Week’s Links: Reports, reactions on new USWNT coach Tom Sermanni
By Charles Boehm
He wasn’t a hotly discussed candidate – in fact, most pundits overlooked him entirely during U.S. Soccer’s lengthy selection process, with Jeff Kassouf calling the choice “a slight surprise” – but the hiring of Tom Sermanni as the U.S. Women’s National Team boss has generally been well-received among the women’s soccer media.
Veteran reporter Beau Dure was among the many who came away from Sermanni’s Wednesday press blitz impressed by the Scotsman, noting that “he managed to come across as open-minded without being ignorant” with regards to the U.S. player pool and the challenges that lie ahead.
ESPN’s Jeff Carlisle sees many similarities between Sermanni and his widely-loved predecessor Pia Sundhage, and reckons that the longtime coach of the Australian women’s national team edged out dozens of other contenders for the job by virtue of his “extensive international experience.” Carlisle does acknowledge that “the hire does represent something of a blow to the American coaching community,” though.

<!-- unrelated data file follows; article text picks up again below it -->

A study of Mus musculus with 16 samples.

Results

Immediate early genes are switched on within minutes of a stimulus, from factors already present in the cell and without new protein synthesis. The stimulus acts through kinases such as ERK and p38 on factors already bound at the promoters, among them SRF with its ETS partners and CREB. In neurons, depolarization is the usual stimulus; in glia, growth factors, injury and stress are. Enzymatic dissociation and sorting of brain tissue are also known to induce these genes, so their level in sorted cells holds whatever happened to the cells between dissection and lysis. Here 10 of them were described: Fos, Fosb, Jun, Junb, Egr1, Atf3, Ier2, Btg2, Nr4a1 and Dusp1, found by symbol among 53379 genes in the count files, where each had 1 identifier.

Meanwhile Richard Farley of NBC Sports’ ProSoccerTalk offers an in-depth breakdown of Sermanni’s leadership qualities and tactical tendencies, and also notes that he “was responsible for Australia’s entire women’s development effort, effectively serving as steward for all the talent coming into his senior team” as the young Matildas rocketed up the FIFA World Rankings under his watch.
Noting the USWNT’s scintillating winning percentage over the years, Brian Straus of the Sporting News wonders if Sermanni can maintain that dominance while still pushing forward a stylistic evolution that Sundhage, for all her expertise, could not fully achieve. Similarly, AP’s Nancy Armour believes the team will experience “subtle changes” under their new coach, while also warning that “Sermanni’s biggest challenge might be managing the personalities within the team.”
A few observers have expressed their dissatisfaction with the federation’s short list being dominated by male candidates, most notably USA Today’s Christine Brennan, who called it “a terrible indictment of the feeder system for girls and women in leadership positions in the game.”
That perspective was echoed by the Chicago Tribune’s Phil Hersh, but roundly rejected by women’s sports blogger and former Atlanta Journal-Constitution editor/reporter Wendy Parker as a faulty mindset “centered more on the career prospects of adults and the symbolic value they convey than what might ultimately benefit female players.”
And Soccer America’s Mike Woitalla focuses on Sermanni’s wise words regarding youth development, an already-pressing area which will become even more so as Abby Wambach and the rest of the USWNT’s veteran standouts approach the end of their careers.